Jessica Cejnar / Thursday, June 17 @ 1:03 p.m. / Environment
Federal Regulators Approve Klamath Hydroelectric Project License Transfer to KRRC, Recognizes Nonprofit's Ability to 'Undertake Dam Removal'
Federal regulators on Thursday agreed to transfer the license to operate the Lower Klamath Hydroelectric Project from the utility that owned it to the nonprofit corporation seeking to dismantle it.
The Federal Energy Regulatory Commission’s order to transfer the project license from PacifiCorp to the Klamath River Renewal Corporation — with Oregon and California serving as co-licensees — recognizes that KRRC “has the ability, financially and otherwise, to undertake dam removal.”
It’s a milestone that puts removal of four hydroelectric dams on the Klamath River back on track to begin in 2023, KRRC Community Liaison Dave Meurer told the Wild Rivers Outpost. The next step is for FERC to approve KRRC’s application to surrender the license to operate the hydroelectric project, he said.
“FERC is fully aware that our intent is to remove the dams,” Meurer said. “The fact that they approved the license and specifically said ‘KRRC has the ability to undertake dam removal,’ gives us a lot of optimism.”
Removing the J.C. Boyle, Copco No. 1, Copco No. 2 and Iron Gate dams is expected to improve water quality and temperature conditions on the Klamath River and allow its salmon runs access to 420 miles of spawning habitat, according to a Thursday news release from Congressman Jared Huffman’s office.
FERC’s Thursday decision comes about a year after it initially approved a partial transfer of the hydroelectric project’s license from PacifiCorp to KRRC. Under that July 2020 order, PacifiCorp would have remained on the license and would have been liable for dam removal’s costs and liabilities.
This was a nonstarter for the utility and wasn’t consistent with the 2016 Klamath Hydroelectric Settlement Agreement, Meurer said. Twenty-three different parties signed on to the settlement agreement, including PacifiCorp, the states of California and Oregon, local tribes, conservation and fisheries organization.
Following FERC’s partial transfer order last summer, PacifiCorp, Oregon, California, the Yurok and Karuk signed a memorandum of agreement in November that would retain the liability protections for the utility. Meanwhile, KRRC would go back to FERC and offer the states as co-licensees of the project instead of the utility.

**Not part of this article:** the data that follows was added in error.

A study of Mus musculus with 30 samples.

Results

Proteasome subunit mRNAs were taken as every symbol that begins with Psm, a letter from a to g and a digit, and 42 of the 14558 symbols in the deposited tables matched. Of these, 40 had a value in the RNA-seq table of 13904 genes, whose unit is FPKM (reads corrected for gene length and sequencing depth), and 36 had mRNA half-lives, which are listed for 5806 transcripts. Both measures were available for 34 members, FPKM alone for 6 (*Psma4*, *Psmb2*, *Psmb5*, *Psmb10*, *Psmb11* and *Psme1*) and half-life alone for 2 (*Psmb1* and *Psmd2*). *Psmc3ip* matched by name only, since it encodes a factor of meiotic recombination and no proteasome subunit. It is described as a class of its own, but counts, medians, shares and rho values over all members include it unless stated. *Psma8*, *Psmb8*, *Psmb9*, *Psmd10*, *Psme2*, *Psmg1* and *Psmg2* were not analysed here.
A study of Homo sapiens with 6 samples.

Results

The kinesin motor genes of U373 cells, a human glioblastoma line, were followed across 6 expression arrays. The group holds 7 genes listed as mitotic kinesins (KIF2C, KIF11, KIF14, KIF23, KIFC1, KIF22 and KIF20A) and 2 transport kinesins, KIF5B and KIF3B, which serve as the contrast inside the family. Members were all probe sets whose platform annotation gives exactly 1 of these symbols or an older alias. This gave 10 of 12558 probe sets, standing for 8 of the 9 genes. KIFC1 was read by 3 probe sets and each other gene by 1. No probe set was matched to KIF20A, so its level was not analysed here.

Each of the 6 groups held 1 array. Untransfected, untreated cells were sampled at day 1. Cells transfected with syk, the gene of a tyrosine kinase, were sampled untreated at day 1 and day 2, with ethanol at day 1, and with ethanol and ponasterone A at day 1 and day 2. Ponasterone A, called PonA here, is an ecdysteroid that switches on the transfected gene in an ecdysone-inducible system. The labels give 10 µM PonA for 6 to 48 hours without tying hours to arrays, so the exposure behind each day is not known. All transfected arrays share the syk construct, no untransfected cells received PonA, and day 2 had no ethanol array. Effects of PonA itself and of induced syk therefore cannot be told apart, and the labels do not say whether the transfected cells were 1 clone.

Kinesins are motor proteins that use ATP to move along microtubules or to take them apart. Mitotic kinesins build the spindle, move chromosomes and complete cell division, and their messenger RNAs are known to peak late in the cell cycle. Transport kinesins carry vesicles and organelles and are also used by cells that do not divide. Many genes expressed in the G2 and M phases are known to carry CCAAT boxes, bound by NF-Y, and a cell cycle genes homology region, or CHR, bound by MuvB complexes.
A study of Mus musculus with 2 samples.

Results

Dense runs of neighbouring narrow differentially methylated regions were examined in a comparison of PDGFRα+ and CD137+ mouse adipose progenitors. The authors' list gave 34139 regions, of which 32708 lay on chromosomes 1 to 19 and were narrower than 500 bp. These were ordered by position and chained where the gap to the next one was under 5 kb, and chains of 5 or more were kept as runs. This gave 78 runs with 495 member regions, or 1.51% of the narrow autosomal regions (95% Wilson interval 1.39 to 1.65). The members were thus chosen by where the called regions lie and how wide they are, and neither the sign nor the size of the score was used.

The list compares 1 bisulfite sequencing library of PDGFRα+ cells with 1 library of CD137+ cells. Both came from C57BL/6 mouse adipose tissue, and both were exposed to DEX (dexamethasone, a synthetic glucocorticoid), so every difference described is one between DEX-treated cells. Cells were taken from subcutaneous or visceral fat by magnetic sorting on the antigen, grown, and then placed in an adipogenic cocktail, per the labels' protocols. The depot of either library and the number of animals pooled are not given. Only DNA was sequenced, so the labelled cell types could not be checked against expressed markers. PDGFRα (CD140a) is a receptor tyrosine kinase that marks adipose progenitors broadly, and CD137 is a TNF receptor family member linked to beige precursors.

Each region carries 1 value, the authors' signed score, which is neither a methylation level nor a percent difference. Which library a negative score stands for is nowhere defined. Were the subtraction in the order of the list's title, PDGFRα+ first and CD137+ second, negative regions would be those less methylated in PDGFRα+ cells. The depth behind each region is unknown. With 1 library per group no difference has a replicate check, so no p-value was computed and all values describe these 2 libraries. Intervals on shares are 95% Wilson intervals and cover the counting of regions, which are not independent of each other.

“As we read FERC’s reasoning when they did not approve the original transfer request, part of their concern was KRRC is a nonprofit with fixed assets,” Meurer said. “We’re not a utility. We don’t have deep projects like a utility. They’re used to regulating utilities — we are a unique animal for them.”
In a statement following the November agreement, California Department of Fish and Wildlife Director Charlton Bonham said the states signing on to the project as co-licensees ensures it has sufficient backing to achieve the settlement agreement’s goals.
With FERC’s approval of the license transfer achieved, KRRC is now focusing on getting the commission to approve its application to surrender the hydroelectric project’s license, Meurer said. That effort will have to undergo environmental review under the National Environmental Policy Act, which includes public comment periods, he said.
KRRC submitted several environmental documents to FERC, including 401 Water Quality Certifications from Oregon and California, Meurer said.
The process also requires biological opinions from the U.S. Fish and Wildlife Service and the National Marine Fisheries Service, Meurer said. KRRC also needs a 404 Clean Water Act permit from the U.S. Army Corps of Engineers, he said.
FERC’s decision to transfer the Klamath Hydroelectric Project license to KRRC on Thursday drew applause from Huffman.
“The tribes and stakeholders of the Klamath River basin have worked diligently for years to restore one of the West’s most important watersheds and now FERC has moved to make this a reality,” Huffman said in a written statement. “The partnerships between the states, the tribes, the utility and many others are ringing in a new era that recognizes the injustices of the past and invests in the future.”
According to Huffman, the dam removal project gained support from U.S. Interior Secretary Deb Haaland who filed a letter with FERC last week urging it to approve the transfer application.
“Today we have an incredible opportunity to restore this magnificent river, rewrite a painful chapter in our history and do so in a manner that protects the many interests in the basin,” Haaland wrote.
The four dams that make up the hydroelectric project do not contribute to water storage in the Klamath River Basin, Meurer told the Outpost. PacifiCorp has also been able to replace the electricity the dams generate, he said.
Removing the dams is expected to cost about $434 million. KRRC has a project budget of $450 million with $200 million coming from a PacifiCorp surcharge to its California and Oregon customers and $250 million coming from California water bond dollars.
In 2019, KRRC hired Fairfield-based Kiewit Infrastructure West to spearhead dam removal. In February 2021, the nonprofit contracted with the Bellaire, Texas firm, Resource Environmental Solutions, to undertake habitat restoration work following dam removal.